Today too many only know the word couture by way of the two girls from the valley who founded a line of velour lounge clothes called Juicy Couture. Today too many go out to dinner in the same tight black leggings they wear to the gym or did yoga in. Dressing up means Halloween or a funeral. At the risk of dating myself, I confess that when I was a very young girl I would overhear the ladies in the salon ask, “What are you wearing on the airplane?” Even travel meant presentation – one’s class and style was a worthy cause for looking one’s best.
Today comfort is king, only rare occasions warrant the effort it takes to dress up, which brings us to Yves Saint Laurent, the genius assistant of Christian Dior, who took over the The House of Dior at the vulnerable and fierce age of 23.
Jalil Lespert’s economical biopic chronicles the superstardom of the French designer. It is a sweeping compassionate exposition on the era in which formality was de rigueur. Encompassing Parisian sensibilities and aesthetics and featuring the dramatized likes of the young Karl Lagerfeld and Andy Warhol, YSL is an insider’s look into the world of haute couture, from the drawing board to runway, and the lives of the beau monde who frequented it.
Framed by the recollections of his lover/business partner and lifetime devoted caretaker, Pierre Berge (Guillaume Gallienne), YSL remains somewhat detached from its subject even as it explores Yves’ inner life, his homosexuality, the haphazard affairs with sex and substances, and the inevitable complications. Thus, it’s with an attitude of sympathy that YSL’s three screenwriters carefully cover the many sides of Yves: as a luminary designer, as an obsessive workaholic, and as a manic-depressive drug addict.
People may wonder why a man with everything seemed so unhappy. Yet, the progression from teetotaling to sex clubs and cocaine lines is clearly handled in this biopic, as we see a boy who “missed his youth” become inundated by the baggage of experiencing success so very early on in life.
The acting is captivating, beautiful, and believable. Pierre Niney’s magnificent portrayal as Yves Saint Laurent complements Guillaume Gallienne’s impeccable performance as “the love of his life,” while Charlotte Le Bon, the gorgeous model/best friend provides personal sensitivity to the emotional truth of this period.
Written by Jacques Fieschi, Marie-Pierre Huster, and Jalil Lespert, the film brings out the curtly seriousness of its characters. When the titular character speaks too modestly in an interview, his lover interrupts, whispering, “It’s better to be silent than talk bullshit.” Consequently, Yves excuses himself, and the reporters are visibly impressed. Sometimes more is said without words. In a beautiful scene, the pursuing Pierre walks over to Yves, sunbathing on a diving board. Pierre sits down, Yves smiles, takes off his own sunglasses, and dives into the pool without uttering a word.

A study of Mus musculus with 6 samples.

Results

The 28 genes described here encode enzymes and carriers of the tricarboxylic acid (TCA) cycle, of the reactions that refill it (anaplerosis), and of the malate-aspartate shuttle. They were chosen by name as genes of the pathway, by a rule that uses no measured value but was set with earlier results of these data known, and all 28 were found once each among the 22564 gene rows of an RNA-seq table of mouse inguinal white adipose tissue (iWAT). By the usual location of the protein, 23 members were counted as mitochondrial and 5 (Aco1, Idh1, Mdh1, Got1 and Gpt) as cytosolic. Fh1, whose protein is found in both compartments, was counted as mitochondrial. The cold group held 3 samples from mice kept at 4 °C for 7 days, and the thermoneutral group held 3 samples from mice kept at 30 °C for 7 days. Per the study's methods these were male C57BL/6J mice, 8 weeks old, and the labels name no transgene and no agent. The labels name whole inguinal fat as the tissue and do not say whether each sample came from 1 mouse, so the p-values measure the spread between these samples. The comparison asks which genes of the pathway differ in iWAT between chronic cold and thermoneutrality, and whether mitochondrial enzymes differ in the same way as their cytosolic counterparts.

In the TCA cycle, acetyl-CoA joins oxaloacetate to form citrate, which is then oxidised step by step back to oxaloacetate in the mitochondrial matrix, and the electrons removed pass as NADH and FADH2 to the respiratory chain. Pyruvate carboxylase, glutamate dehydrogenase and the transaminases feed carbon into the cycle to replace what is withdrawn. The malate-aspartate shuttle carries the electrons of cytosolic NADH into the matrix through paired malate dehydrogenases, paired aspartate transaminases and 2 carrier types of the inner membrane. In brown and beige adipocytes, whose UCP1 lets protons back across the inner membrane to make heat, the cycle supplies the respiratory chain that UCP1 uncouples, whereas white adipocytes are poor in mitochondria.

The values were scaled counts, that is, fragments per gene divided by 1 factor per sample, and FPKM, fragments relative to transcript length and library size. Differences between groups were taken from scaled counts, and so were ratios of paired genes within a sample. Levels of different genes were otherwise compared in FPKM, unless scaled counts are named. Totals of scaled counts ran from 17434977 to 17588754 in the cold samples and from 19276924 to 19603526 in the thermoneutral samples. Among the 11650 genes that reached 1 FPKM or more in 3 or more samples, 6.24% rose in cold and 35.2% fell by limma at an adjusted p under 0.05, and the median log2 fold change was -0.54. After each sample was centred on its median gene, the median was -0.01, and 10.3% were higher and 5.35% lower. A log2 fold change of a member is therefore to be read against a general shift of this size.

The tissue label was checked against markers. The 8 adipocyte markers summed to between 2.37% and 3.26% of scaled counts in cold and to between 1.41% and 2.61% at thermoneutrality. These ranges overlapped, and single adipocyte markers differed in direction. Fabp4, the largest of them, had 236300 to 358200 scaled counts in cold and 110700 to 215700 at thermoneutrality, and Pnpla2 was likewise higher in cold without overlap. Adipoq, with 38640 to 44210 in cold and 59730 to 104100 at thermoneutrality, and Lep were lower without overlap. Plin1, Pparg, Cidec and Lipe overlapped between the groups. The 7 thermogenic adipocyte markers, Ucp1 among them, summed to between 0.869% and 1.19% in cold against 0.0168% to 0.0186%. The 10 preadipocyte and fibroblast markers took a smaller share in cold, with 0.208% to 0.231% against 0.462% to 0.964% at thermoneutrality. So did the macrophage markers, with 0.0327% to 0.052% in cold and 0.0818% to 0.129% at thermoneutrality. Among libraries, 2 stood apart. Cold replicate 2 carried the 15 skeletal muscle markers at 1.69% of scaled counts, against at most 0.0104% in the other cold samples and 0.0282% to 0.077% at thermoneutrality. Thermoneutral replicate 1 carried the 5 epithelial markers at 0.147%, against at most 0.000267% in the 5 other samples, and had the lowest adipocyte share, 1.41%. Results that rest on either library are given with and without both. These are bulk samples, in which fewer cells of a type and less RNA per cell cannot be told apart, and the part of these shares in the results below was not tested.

From the beauty of Paris on the outside to the meticulous décor on the inside, Lespert’s mise-en-scène indicates great attention to detail. Like a model switching outfits, YSL seamlessly transitions periods and settings – from countryside to gay sex clubs, from the party scenes in Marrakesh to the dark alleys of Paris. Jalil Lespert maintains a graceful flow complemented by layered dissolves and vibrant montages, punctuated by the authentic vintage designs credited to Yves (77 of which were loaned by the real Pierre Berge).
Simply put, the most remarkable aspect of this film is the authentic history we get to see, as such clothing collections may never grace the runway again! The do-or-die task of presenting fresh designs every Fall and Spring are befittingly depicted in YSL, capped off by poignantly spectacular montages, the crown jewels of a film that focuses on the craft of couture. It is the runway of a bygone era in which in-house fashion shows were exclusive and contained, hardly hubs for cacophony, bombastic celebrities and other do-nothings we see at today.
Tempering decadence with humanity, YSL is a reverential portrait of its namesake, the industry, and world Yves embodied.
Carrie White is the best-selling author of Upper Cut: Highlights of My Hollywood Life. She tweets @carriewhitehair.
Alec Julian is a Los Angeles based writer. Follow him @PaparazziPorn.